Do you forgive yourself?

For many of us, all ‘forgiveness’ implies is forgiving others for the hurt and harm they have inflicted on us. It rarely stands for forgiving oneself.

This so for two reasons. The first is that not many of us see or admit that we have hurt others. Secondly, we think that forgiving oneself is merely another way of justifying the act. Deeper thinking, however, will reveal that forgiving oneself has greater meaning and merit and that it is efficacious in improving oneself and restoring harmony.

To err, it is said, is human. No one succeeds in leading a blameless, perfect life. All of us, at some time or the other, hurt others through our deeds, words and even thoughts. Yet, deep within each of us, resides the need to live in harmony with others. We want to be accepted and appreciated. We also know that it is only by extending love can we receive love.

We are also aware that hurt and rudeness are almost invariably returned, making both parties miserable and angry. It is a vicious circle that seems to have no end. This is where forgiveness of oneself comes in.

The healing process begins by accepting ones mistakes, feeling remorse and making amends. It is not an easy task, made difficult by one’s pride, lack of reflection and deep-seated anger. No matter what it is, a sincere ‘sorry’ is what is required to mend matters.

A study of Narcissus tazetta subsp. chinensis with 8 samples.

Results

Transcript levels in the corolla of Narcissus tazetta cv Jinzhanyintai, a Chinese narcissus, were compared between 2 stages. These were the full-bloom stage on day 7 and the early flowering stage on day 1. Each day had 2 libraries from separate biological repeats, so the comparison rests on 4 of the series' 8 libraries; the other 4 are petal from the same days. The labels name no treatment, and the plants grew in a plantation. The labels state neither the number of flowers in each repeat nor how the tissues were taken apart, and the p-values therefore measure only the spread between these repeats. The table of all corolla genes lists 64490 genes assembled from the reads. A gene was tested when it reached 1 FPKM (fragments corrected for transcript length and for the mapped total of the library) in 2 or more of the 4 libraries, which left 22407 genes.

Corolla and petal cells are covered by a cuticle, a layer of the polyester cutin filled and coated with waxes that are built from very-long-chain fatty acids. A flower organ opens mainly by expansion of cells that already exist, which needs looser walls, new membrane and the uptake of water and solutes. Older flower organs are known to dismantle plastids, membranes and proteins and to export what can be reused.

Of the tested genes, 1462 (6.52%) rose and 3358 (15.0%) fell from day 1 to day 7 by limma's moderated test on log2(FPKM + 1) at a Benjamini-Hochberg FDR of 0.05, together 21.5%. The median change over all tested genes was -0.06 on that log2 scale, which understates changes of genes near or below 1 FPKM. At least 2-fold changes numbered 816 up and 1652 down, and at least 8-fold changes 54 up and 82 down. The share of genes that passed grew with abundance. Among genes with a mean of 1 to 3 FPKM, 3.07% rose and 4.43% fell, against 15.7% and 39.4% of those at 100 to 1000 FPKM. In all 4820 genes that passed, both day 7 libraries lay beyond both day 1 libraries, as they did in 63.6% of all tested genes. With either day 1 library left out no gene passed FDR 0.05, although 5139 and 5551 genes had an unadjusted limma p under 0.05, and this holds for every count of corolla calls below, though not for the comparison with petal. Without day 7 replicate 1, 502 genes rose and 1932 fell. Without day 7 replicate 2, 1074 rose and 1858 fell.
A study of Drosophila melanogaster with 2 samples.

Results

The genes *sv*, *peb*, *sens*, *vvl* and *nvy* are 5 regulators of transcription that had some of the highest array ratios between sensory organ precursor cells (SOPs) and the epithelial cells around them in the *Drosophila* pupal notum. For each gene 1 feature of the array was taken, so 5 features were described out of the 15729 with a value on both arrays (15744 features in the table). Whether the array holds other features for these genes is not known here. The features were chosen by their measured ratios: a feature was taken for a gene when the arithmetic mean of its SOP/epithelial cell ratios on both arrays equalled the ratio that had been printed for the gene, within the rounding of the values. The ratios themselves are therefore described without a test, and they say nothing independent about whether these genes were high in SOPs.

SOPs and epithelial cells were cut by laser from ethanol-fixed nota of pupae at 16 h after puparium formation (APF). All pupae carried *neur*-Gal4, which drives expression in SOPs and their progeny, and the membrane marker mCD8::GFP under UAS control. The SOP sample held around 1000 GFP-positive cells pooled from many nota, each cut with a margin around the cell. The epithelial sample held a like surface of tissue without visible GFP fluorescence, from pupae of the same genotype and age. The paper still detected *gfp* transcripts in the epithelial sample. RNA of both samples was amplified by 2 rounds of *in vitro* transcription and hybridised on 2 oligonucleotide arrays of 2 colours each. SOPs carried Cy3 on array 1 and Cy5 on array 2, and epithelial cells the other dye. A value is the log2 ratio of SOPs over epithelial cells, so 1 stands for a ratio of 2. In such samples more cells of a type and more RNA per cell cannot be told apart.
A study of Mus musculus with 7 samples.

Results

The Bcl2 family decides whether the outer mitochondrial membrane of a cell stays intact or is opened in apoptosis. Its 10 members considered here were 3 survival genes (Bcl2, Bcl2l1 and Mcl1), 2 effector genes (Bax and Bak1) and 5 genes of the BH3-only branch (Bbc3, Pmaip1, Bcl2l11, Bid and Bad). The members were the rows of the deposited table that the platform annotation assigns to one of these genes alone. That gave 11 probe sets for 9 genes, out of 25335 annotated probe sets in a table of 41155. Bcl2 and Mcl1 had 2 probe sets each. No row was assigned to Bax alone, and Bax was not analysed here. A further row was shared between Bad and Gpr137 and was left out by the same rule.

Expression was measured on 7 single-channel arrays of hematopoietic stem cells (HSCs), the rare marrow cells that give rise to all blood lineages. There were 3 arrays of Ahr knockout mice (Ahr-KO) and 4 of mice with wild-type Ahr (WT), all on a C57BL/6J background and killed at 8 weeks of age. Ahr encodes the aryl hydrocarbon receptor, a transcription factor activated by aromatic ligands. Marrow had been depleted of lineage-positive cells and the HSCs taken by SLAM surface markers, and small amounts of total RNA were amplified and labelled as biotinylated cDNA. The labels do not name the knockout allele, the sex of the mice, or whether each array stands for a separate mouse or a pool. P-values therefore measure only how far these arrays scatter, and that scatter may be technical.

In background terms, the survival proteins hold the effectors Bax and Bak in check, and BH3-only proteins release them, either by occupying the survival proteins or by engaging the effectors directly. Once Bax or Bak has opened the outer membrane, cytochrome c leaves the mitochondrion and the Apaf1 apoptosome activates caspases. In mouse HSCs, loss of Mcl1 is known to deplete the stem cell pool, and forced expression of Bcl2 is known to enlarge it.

It is welcomed and the healing process soon gets underway. Hardly ever is it interpreted as weakness. On the other hand, it stands out as a sign of strength and of fair-mindedness. It opens the door to understanding and to a fresh new start.

What is more, it brings trust and humility in the relationship. Hurt, whether lodged in the victim or the perpetrator, is corrosive. It causes stress and mistrust and can even result in illnesses.

That self-forgiveness has immense power is well illustrated in this true story. In a village, lived two brothers who were likeable but indisciplined Eventually they turned into thieves. They began stealing sheep, a serious crime in a pastoral place.

In the course of time, they were caught. As a punishment, the letters S T – for ‘Sheep Thief’ – were branded on their foreheads and they were let off. One brother was so ashamed that he ran off and was never heard of again.

The other was filled with remorse. He chose to stay and make amends. At first, the villagers were sceptical, but so useful did he make himself that he won their trust and respect. If a sheep needed tending, he was there. All odd jobs were done by him.

He was always ready to lend a helping hand. It made no difference if the person was rich or poor.

Many years later, a traveller came to the village. Sitting in a cafe, he noticed a kindly, old man with the strange letters on his forehead. Most of those who passed him greeted him with affection.

Curious, the stranger asked the cafe owner what the letters stood for, After a minute’s thought, the owner said, ‘It happened a long time ago. I think it stands for ‘saint’.